Prime Minister John Key says he will raise human-rights concerns with Saudi Arabia when he becomes the first New Zealand Prime Minister to go there.
Trade Minister Tim Groser is optimistic the Trans-Pacific Partnership deal will be reached by mid-2015.
Powerplay: As John Key becomes known internationally for pulling on a ponytail, Brent Edwards takes a closer look at the questions it raises about power.
The Prime Minister says it is unlikely there will be an increase in the number of refugees New Zealand takes.
The Māori Development Minister says he is outraged by the squalid state of some private rental properties in Christchurch.
New Zealand First leader Winston Peters believes Prime Minister John Key should face a police investigation after repeatedly pulling the hair of a waitress. (AUDIO)
Finance Minister Bill English says the Government's upcoming budget will be the toughest he has had to present.
The National Council of Women is disappointed that the Prime Minister is downplaying his repeated pulling of an Auckland waitress' hair as just ''horsing around''. (AUDIO)
It wasn't right for the Prime Minister to repeatedly pull the hair of a waitress, even though he apologised, says National Party MP Judith Collins. (AUDIO)
New Zealand First has announced its new list MP as Invercargill-based Ria Bond after leader Winston Peters gained another seat by winning the Northland by-election.
OPINION: It's already been called #ponytailgate on Twitter but it won't bring John Key down - at least not directly, according to Matthew Hooton. (AUDIO)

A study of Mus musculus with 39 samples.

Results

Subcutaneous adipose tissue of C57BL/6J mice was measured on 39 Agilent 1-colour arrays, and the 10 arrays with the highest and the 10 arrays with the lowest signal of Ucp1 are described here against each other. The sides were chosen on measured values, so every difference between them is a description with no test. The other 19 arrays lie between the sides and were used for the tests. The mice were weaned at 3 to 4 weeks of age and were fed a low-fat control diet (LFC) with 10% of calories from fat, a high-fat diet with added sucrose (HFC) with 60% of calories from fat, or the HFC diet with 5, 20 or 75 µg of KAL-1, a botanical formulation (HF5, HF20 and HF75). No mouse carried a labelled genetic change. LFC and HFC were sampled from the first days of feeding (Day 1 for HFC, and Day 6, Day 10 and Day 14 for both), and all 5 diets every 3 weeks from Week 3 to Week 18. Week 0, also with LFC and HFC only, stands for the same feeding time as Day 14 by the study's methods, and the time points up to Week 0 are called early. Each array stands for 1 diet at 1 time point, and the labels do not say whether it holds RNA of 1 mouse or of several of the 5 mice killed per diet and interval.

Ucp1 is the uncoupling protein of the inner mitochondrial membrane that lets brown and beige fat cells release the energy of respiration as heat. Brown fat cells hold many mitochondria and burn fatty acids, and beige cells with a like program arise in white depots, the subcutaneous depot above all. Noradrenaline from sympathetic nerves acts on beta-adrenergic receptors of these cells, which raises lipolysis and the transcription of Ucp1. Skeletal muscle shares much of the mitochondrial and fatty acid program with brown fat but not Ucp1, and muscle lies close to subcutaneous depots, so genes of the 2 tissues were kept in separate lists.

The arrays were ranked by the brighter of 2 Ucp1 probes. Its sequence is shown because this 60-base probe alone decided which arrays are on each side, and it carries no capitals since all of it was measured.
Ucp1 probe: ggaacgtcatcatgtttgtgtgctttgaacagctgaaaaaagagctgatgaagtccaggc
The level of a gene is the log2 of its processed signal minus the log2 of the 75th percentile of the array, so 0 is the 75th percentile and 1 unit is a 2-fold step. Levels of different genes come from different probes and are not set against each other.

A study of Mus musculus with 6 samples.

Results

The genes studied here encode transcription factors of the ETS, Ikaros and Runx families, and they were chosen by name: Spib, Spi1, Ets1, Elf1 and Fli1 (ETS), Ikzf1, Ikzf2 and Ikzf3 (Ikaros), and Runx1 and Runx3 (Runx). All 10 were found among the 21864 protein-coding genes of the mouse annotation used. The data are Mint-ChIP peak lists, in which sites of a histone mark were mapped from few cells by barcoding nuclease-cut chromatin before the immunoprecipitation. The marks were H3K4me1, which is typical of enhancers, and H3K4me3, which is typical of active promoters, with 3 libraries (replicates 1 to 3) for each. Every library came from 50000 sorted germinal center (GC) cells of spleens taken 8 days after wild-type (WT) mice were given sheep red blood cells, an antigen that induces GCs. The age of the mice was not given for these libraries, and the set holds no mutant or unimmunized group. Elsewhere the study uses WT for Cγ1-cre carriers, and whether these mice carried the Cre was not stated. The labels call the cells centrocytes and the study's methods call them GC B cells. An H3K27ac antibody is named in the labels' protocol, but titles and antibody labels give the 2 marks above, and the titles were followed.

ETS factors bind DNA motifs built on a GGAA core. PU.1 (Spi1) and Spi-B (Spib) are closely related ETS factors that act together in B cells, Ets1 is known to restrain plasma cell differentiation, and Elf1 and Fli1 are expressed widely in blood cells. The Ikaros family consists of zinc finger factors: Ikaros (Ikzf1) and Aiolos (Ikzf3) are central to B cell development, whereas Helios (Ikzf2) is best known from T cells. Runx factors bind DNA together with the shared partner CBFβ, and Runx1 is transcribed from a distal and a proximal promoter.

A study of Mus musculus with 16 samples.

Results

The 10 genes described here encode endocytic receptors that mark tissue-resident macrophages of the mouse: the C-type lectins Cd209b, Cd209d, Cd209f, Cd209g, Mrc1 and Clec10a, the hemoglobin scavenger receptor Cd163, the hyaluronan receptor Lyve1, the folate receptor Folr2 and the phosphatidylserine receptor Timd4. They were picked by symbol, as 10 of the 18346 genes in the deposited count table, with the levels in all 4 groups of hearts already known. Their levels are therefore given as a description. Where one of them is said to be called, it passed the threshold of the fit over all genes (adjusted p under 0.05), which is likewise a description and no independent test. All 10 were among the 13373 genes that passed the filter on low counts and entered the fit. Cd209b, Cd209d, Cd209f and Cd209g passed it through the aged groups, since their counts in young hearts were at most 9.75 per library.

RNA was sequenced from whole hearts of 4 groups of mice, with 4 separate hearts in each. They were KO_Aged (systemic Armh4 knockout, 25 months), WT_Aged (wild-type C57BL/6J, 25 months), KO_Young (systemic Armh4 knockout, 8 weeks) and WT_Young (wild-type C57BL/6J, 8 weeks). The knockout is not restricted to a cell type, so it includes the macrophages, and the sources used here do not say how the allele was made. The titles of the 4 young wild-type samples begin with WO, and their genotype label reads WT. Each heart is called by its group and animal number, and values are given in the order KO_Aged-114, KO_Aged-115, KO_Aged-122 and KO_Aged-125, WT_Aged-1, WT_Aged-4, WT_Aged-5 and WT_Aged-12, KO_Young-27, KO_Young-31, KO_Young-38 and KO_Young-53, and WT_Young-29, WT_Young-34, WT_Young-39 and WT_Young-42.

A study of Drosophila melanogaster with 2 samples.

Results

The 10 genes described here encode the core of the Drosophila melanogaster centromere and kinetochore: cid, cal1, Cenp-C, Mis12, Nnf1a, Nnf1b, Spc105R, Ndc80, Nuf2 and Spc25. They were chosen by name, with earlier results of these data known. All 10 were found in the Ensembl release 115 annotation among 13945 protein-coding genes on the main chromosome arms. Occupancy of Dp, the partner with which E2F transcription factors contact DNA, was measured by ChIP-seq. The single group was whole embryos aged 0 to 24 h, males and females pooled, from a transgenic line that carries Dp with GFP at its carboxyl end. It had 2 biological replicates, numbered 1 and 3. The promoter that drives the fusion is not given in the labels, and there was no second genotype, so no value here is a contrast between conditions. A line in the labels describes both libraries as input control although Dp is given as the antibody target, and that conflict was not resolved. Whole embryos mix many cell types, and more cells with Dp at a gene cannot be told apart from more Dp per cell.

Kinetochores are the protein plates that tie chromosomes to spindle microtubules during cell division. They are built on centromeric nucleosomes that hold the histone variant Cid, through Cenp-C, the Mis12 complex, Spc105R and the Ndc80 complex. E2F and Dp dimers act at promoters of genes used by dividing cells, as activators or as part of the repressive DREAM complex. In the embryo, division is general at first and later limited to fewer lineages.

The Prime Minister has described his repeated pulling of an Auckland waitress' hair as just ''horsing around''. (VIDEO)
New Zealanders are trying to decide whether the Prime Minister's ponytail-pulling was innocent fun or a major political mishap. (VIDEO)
The Labour Party says a newly released Cabinet paper reveals how weak the case is to send troops to Iraq. (AUDIO)
New Zealand has challenged the UN Security Council to use its authority to alleviate ongoing carnage in Syria.
Security in New Zealand is already at a high level as troops head to Iraq as part of a joint deployment with Australia, the Defence Minister says.
The Minister of Health has rejected criticism that not all children under 13 can get free medical care. (AUDIO)
As New Zealand troops head to Iraq, a Cabinet paper reveals the Government was advised sending them could make New Zealand a target of Islamic State. (AUDIO)
The Anglican and Catholic churches are urging the Government to tell the public more about the trans-Pacific trade negotiations.
An estimated 10 percent of injured children will miss out on free doctors' visits despite a Government promise to cover all primary school aged children.